Review: Hold Fast by Blue Balliett

hold fast

Hold Fast by Blue Balliett

Early lives in a warm and loving family.  Her father Dash is a lover of words and word games.  Her mother Sum and little brother Jubie make up the total of four in their family.  But when Dash gets involved in something shady, their loving family becomes three.  Then people raid their home, breaking down the door and they are forced to head to a shelter without knowing where Dash is or how he will find them again in the big city of Chicago.  Early finds she has to be the strong one as her mother begins to falter and her brother is so little.  Shelter life is difficult and it takes Early some time to realize that she is in the middle of a mystery that she can help solve. 

Balliett demonstrates her own love of words and wordplay throughout this novel.  Told in beautiful prose, she writes poetically about the city she loves, the beauty of snow, and the power of family.  She incorporates wordplay through her protagonist, who looks at words the way her father taught her to.  Many times words sound like what they are, points out Balliett, and just reading this book will have readers seeing words in a new way.

Balliett also introduces young readers to the poetry of Langston Hughes.  One of his books is at the heart of not only the mystery of the book but at the heart of the family.  As Hughes muses on dreams and their importance, both Early and the reader are able to see his words and understand them deeply. 

The aspect of the homeless shelter and the difficulties the family and Early face there is an important one.  Balliett is obviously making a point with her book, sometimes too obviously.  There are also some issues with plotting, with the book dragging at points and struggling to move forward.  That aside, the writing is stellar and the characters strong.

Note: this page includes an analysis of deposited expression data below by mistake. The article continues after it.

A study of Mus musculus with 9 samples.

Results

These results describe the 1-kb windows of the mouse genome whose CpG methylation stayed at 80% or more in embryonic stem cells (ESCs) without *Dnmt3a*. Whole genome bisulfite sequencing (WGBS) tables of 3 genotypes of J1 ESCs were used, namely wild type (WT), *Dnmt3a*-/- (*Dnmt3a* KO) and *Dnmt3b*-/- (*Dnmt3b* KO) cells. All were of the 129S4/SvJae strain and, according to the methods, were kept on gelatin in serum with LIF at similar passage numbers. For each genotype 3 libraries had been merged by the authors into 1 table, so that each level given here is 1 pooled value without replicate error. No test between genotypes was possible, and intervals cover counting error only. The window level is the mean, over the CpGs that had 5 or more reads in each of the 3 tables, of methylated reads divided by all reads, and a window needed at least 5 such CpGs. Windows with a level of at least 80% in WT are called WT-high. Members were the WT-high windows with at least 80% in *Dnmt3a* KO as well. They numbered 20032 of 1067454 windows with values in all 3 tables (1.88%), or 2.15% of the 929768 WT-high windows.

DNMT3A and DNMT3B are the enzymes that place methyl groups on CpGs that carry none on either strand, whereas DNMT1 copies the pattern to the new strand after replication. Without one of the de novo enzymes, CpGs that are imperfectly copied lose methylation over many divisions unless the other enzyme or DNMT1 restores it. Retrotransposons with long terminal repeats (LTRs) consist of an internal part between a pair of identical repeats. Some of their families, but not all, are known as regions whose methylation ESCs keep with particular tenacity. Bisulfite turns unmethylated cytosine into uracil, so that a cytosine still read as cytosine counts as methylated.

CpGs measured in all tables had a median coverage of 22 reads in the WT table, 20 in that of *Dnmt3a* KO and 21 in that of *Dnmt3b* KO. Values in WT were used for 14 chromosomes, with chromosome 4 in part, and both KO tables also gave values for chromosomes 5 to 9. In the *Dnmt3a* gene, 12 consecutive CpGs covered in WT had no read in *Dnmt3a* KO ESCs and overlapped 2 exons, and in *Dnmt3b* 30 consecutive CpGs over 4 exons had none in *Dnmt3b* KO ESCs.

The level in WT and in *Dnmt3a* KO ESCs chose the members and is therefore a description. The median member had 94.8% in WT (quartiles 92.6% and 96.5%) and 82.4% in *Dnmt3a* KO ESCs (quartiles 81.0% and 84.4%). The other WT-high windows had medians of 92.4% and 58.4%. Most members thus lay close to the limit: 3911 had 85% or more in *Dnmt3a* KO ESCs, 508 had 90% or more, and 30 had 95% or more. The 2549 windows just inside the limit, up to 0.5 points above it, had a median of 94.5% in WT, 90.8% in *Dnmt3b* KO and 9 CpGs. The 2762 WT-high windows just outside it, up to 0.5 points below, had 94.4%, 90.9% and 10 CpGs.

Another fine offering from Balliett, get this one into the hands of her fans.  It will also be great choice for reading aloud in classrooms with its wordplay and strong African-American characters and family.  Appropriate for ages 9-12.

Reviewed from ARC received from Scholastic.

Review: When Thunder Comes by J. Patrick Lewis

when thunder comes

When Thunder Comes: Poems for Civil Rights Leaders by J. Patrick Lewis, illustrated by Jim Burke, R. Gregory Christie, Tonya Engel, John Parra, and Meilo So

These poems celebrate heroes who have fought for civil rights.  Each poem focuses on one person, tells their story in imagery and strength.  Seventeen men and women are on the pages here, people from around the world and from the American Civil Rights Movement.  These are heroes who fought for justice and for equality.  Their stories and these poems are filled with courage, vision and a sense of doing what is right.  They will serve as inspiration for future generations who will have their own civil rights struggles to face.

Lewis has created poems that are both art but also informational.  He offers critical details in understanding what these heroes have been through and what they have accomplished.  At the same time, he reaches the heart of the person through his poetry too, showing the humanity about them as well.

The art in this book of poems was done by five illustrators.  The images range from the bright colors of Chinatown to the darkness of murder in Mississippi.  In every image though, readers see a leader who radiates courage.  The different art styles come together to form a tapestry of that courage.

Strong and powerful, this book of poetry deserves to be shared widely and these names known and understood.  Appropriate for ages 8-12.

Reviewed from copy received from Chronicle Books.